NEWS & ANALYSIS

FUMBLES & FONDLES: Women Amend Sexual Assault Lawsuits vs. NFL Quarterback Deshaun Watson to Disclose Names


20 women who had previously filed sexual assault lawsuits against NFL quarterback Deshaun Watson have amended their petitions to include their names, while a new lawsuit was filed Wednesday afternoon. 

Tony Buzbee, the civil attorney for the women, refiled most of 21 lawsuits, initially made anonymously, to now include the names of the accusers. 

The latest lawsuit against the Houston Texans player was filed by a makeup artist who, like the rest of the accounts, says Watson reached out to her via Instagram in September, asking if she offered massages. 

The lawsuit detailed two separate incidents that occured during massage sessions in September and November, during which Watson allegedly assaulted and harassed the woman “by exposing himself, touching her with his penis and groping her.” 

The woman said that while she was massaging Watson the second time, she said no to his requests but eventually gave in because “the pressure from [his] relentless instruction coercing her against her will left her powerless.” 

Meanwhile, one of the original 22 lawsuits filed against Watson was dropped “for now.” 

“In light of privacy and security concerns, Plaintiff has decided not to pursue her case, for now,” court documents say. “Plaintiff reserves the right to refile this case once such concerns are addressed.”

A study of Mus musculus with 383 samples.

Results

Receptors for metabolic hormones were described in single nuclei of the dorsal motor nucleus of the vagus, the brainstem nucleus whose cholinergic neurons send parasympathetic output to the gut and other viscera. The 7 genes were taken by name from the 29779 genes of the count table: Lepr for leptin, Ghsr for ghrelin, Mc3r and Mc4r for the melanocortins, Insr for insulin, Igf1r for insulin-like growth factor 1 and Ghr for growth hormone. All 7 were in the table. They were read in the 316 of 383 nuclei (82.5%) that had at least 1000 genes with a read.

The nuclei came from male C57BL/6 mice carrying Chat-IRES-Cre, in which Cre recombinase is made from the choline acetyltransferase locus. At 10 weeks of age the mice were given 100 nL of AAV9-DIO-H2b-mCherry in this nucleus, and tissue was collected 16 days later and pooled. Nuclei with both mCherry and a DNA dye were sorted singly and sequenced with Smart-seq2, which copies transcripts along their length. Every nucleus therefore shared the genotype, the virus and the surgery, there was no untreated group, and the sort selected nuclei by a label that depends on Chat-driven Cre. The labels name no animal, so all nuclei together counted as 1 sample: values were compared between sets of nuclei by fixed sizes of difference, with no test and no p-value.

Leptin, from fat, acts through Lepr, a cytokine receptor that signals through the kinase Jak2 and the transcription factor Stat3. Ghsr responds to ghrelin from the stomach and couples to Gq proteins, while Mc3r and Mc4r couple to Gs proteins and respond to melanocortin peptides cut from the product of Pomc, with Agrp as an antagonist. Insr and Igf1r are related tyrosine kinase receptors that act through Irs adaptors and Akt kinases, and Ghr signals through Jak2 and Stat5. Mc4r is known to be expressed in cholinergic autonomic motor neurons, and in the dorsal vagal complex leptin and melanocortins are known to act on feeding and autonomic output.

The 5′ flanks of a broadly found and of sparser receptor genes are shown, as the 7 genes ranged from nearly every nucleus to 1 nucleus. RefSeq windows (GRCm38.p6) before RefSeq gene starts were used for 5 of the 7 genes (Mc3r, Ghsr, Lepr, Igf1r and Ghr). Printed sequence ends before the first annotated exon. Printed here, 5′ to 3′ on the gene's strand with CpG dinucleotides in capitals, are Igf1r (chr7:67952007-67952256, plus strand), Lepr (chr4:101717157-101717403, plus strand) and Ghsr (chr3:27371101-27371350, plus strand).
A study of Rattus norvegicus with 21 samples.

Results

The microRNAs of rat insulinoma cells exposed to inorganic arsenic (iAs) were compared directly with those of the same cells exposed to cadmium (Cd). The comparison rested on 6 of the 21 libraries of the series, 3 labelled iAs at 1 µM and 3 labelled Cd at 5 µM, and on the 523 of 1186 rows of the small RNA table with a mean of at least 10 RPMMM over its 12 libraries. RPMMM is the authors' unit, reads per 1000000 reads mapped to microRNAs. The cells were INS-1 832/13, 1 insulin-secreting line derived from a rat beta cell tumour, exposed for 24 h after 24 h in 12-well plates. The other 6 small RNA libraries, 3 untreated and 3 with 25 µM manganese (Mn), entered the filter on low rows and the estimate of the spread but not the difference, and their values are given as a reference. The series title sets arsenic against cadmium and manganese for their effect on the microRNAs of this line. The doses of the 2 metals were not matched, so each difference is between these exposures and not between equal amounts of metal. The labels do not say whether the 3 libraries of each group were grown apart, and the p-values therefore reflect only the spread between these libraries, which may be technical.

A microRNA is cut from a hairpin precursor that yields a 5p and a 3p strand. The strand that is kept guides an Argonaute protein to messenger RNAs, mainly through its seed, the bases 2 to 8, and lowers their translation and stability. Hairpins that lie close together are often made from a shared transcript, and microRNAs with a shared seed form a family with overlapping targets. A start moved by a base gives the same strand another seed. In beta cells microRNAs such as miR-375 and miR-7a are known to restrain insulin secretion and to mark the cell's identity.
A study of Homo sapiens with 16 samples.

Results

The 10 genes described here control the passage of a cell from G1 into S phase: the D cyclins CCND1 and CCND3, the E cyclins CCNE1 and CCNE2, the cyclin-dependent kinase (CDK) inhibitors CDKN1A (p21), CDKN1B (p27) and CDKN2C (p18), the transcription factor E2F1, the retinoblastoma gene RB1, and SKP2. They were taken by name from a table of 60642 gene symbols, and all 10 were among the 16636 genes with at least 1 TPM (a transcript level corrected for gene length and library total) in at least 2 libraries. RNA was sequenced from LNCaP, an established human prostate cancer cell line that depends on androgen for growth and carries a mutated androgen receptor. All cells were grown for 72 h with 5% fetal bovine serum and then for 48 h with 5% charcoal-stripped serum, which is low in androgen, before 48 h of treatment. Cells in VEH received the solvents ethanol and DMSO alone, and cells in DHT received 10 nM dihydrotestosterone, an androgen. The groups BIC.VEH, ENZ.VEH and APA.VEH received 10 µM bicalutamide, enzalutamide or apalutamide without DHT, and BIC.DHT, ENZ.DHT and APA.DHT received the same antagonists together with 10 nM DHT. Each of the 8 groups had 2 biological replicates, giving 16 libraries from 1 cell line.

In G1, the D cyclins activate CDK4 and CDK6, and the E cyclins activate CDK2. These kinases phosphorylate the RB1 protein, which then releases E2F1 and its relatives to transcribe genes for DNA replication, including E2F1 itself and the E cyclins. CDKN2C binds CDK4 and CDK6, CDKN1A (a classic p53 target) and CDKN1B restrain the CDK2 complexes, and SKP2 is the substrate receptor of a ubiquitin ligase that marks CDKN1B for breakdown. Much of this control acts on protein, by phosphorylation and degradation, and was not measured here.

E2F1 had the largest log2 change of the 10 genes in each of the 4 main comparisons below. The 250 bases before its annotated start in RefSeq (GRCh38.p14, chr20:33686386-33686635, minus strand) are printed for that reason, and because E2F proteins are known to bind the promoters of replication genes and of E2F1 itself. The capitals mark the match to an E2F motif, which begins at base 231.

Watson’s lawyer, Rusty Hardin, acknowledged that the quarterback did, in fact, arrange massages over the last year via Instagram, but blamed it on the pandemic shutting down Houston’s spa industry, according to the Washington Post.

In a hearing last week, which covered 13 of the lawsuits, two judges ruled that the plaintiffs must reveal their identities. Before, only two women had been publicly identified. 

Buzbee said his law firm “previously attempted to make available to Defense Counsel the names of the plaintiffs suing Deshaun Watson, and intended to do so in due course.”

“We were concerned about the safety of these plaintiffs, and asked the Watson team to agree to a protective order where the identities could be used in litigation, but not broadcast to the world,” Buzbee continued. 

However, Hardin had a different story. 

Hardin said when his law firm asked Buzbee to “identify his clients weeks ago, he refused and told us to file a motion.” 

“While I understand that anonymity often is used as a shield for victims, Mr. Buzbee is using it as a sword,” Hardin said. “While shielding his clients from public scrutiny, Mr. Buzbee continues to use their anonymous allegations to destroy Mr. Watson. This is simply not right. And we look forward to resolving these matters in court.”